At this point, the COVID-19 coronavirus has hit more than 80,000 infected worldwide with a rapidly climbing death toll of around 2,619 people. With 34 countries and regions affected, containment efforts by medical professionals and their practices is absolutely imperative. People worldwide are largely eschewing public areas; preferring to hide away at home whilst the tide of infections subside. But is that really necessary?
The news of the South Korean “superspreader”, a lady who infected more than 300 of her fellow churchgoers, is shedding light on just how contagious this virus can be when it takes into account bodily contact within a close proximity. With that said, when visiting a dentist, close bodily contact is an inevitability. So what exactly are dentists doing for precautionary measures?
Of course, in 2020, using modern sterilization methods is a given for all certified dental establishments. But did you know that as recently as 1986, less than 30% of all dentists wore protective apparel like gloves, masks and dental gowns? Putting the coronavirus aside, there are many dangerous viral diseases like hepatitis B, herpes, syphilis amongst others that might get transmitted through contact with unsterile equipment. All dentists are vaccinated against hepatitis B to prevent potential transmission.
Sterilization of dental instruments is also important. Before you enter a dental hall, all surfaces where bacteria might survive like the dental chair, trays and countertops are sterilized beforehand. Between each patient, dentists use heat sterilization methods in order to keep their tools clean. To sterilize larger pieces of equipment, like X-rays units, a liquid disinfectant is used to keep the environment germ-free.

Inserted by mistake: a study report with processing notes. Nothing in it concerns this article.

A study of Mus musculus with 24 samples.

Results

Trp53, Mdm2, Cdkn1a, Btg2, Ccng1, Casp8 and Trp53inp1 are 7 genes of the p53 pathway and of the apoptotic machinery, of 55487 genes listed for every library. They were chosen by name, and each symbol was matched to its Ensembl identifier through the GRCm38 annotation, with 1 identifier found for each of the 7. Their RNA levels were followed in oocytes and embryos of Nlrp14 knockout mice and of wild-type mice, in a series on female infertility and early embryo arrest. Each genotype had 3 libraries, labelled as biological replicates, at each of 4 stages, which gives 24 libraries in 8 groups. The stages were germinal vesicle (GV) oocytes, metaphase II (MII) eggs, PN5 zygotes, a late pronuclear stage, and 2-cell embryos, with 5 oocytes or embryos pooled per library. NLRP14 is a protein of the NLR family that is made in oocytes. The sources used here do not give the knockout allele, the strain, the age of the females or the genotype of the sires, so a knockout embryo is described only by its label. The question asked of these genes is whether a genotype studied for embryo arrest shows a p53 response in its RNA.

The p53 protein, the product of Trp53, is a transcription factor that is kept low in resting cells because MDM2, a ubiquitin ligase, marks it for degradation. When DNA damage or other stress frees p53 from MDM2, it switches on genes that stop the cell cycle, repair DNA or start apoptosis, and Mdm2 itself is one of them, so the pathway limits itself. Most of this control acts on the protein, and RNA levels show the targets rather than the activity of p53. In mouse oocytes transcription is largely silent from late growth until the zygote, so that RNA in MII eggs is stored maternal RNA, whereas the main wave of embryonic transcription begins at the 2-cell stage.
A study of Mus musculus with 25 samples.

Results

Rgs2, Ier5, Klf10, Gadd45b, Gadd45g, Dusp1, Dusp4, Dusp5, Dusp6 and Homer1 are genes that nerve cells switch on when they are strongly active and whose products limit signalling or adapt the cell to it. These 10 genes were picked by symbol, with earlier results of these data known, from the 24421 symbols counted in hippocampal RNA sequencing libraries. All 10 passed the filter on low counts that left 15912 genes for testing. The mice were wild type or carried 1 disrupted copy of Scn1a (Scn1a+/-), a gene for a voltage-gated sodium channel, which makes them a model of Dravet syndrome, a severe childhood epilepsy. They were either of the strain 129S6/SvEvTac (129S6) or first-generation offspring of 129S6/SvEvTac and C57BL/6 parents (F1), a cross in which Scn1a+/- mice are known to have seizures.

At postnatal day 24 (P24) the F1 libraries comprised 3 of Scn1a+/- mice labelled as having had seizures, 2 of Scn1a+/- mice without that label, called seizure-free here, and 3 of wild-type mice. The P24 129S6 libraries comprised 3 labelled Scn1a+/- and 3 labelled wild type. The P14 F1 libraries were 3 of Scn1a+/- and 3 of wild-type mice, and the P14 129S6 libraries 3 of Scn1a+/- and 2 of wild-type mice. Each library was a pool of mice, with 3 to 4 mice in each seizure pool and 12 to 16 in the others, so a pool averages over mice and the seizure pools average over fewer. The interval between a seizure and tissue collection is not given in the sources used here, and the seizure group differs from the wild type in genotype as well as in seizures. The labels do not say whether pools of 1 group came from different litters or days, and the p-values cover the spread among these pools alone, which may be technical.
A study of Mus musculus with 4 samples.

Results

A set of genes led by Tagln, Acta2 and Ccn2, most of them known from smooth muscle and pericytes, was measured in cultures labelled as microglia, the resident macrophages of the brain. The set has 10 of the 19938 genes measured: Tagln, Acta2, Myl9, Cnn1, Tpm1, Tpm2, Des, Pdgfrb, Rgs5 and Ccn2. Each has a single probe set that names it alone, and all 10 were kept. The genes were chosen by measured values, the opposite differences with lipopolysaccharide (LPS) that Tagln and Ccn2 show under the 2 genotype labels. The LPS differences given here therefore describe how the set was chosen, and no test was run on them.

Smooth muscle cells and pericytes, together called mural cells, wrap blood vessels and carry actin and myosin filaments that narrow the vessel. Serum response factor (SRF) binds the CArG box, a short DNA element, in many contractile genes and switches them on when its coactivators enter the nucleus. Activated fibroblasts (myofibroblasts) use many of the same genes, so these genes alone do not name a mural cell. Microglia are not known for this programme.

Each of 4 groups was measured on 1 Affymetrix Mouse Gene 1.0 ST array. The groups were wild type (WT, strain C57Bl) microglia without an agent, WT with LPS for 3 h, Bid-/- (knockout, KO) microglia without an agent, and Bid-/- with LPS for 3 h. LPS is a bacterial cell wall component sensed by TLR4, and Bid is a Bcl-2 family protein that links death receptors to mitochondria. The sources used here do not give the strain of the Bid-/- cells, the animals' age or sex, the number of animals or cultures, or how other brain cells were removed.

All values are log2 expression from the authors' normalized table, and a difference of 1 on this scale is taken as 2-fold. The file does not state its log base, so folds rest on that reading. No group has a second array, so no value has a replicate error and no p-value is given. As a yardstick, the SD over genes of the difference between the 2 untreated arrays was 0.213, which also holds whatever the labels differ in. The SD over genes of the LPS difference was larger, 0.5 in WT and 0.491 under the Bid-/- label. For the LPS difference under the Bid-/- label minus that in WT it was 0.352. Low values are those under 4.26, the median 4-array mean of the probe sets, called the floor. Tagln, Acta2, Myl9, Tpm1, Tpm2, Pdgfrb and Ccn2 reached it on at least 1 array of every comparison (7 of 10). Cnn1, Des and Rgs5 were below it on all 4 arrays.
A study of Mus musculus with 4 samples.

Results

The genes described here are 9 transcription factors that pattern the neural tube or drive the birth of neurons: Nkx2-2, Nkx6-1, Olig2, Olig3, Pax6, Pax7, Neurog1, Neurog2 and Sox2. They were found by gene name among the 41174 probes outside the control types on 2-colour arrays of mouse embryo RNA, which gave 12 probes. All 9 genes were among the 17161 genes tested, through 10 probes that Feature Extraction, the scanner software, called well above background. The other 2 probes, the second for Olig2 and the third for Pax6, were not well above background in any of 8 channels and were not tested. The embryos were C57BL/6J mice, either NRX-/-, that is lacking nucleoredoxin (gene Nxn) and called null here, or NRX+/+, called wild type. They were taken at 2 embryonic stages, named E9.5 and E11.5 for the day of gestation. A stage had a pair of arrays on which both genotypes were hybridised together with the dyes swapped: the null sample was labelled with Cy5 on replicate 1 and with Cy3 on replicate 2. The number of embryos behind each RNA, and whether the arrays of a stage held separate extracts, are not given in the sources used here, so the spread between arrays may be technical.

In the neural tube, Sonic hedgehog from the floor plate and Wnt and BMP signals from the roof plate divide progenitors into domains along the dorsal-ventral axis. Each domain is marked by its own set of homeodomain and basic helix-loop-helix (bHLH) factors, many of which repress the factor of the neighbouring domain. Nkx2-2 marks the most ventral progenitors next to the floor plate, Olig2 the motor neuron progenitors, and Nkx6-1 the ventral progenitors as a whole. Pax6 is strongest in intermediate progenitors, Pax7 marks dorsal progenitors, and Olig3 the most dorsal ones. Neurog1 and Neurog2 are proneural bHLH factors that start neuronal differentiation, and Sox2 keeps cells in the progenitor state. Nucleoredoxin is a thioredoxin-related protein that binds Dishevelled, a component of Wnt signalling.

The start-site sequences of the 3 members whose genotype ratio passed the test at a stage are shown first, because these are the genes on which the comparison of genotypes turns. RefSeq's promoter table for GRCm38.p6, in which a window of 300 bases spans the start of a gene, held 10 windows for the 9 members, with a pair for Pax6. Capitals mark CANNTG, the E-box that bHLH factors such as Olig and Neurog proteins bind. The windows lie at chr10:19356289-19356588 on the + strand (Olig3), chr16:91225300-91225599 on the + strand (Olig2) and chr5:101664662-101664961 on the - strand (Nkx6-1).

Recommended sterilization methods include the use of an autoclave, which cleans the metal tools with steam under pressure. Other methods include the use of a chemiclave, which uses chemical vapor in order to kill all germs on the tools. If you don’t see an autoclave or dry-heat oven in your dentist’s room, don’t worry! Most of the time, the equipment is sterilized away from the dental studio in order to save space.
All dentists, by recommendation of the CDC, have to wear protective apparel at all times during surgery. This includes a proper surgical mask, latex or vinyl gloves and sometimes eyewear. Oftentimes, you will also see dentists and their assistants using a variety of disposable protective items, such as gloves, paper drapes, disposable masks, as well as suction tube tips and needles. For various hygiene reasons, these items are not cleaned but disposed of between every patient.
It sounds simple enough, but a simple thing like washing your hands is actually a great deterrent to keeping the coronavirus from spreading. Dentists have a set hygiene routine which usually starts with washing their hands in between patients. You’ll commonly see that this is the first thing that dentists do once you enter their clinic.
Many dental procedures involve direct contact with bodily fluids such as blood and saliva. Even through protective clothing, it is possible that a miniscule bit of fluid managed to make it through and contaminate the dentist’s skin during surgery. Washing their hands and forearms with a proper disinfecting agent and water is a very effective way in removing any forms of pathogens that might’ve got through the initial layer of protection.
While it is indeed scary to go for a dental procedure during this trying time, the Singapore government has stated that the chances of picking up COVID-19 from the dentist or even more crowded places like the A&E at a hospital is low. Their advice is to stick to your schedule, go for the appointment and return home quickly. They also state that with proper infection control measures, it is unlikely to catch COVID-19 from the clothes or protective equipment of a medical worker.
Remember, that as medical professionals, we are committed to ensuring your health and safety at all times. Be vigilant in this time while the virus is still going strong and adapt the necessary measures to control infection in both public and private places to keep you and your family safe and sound.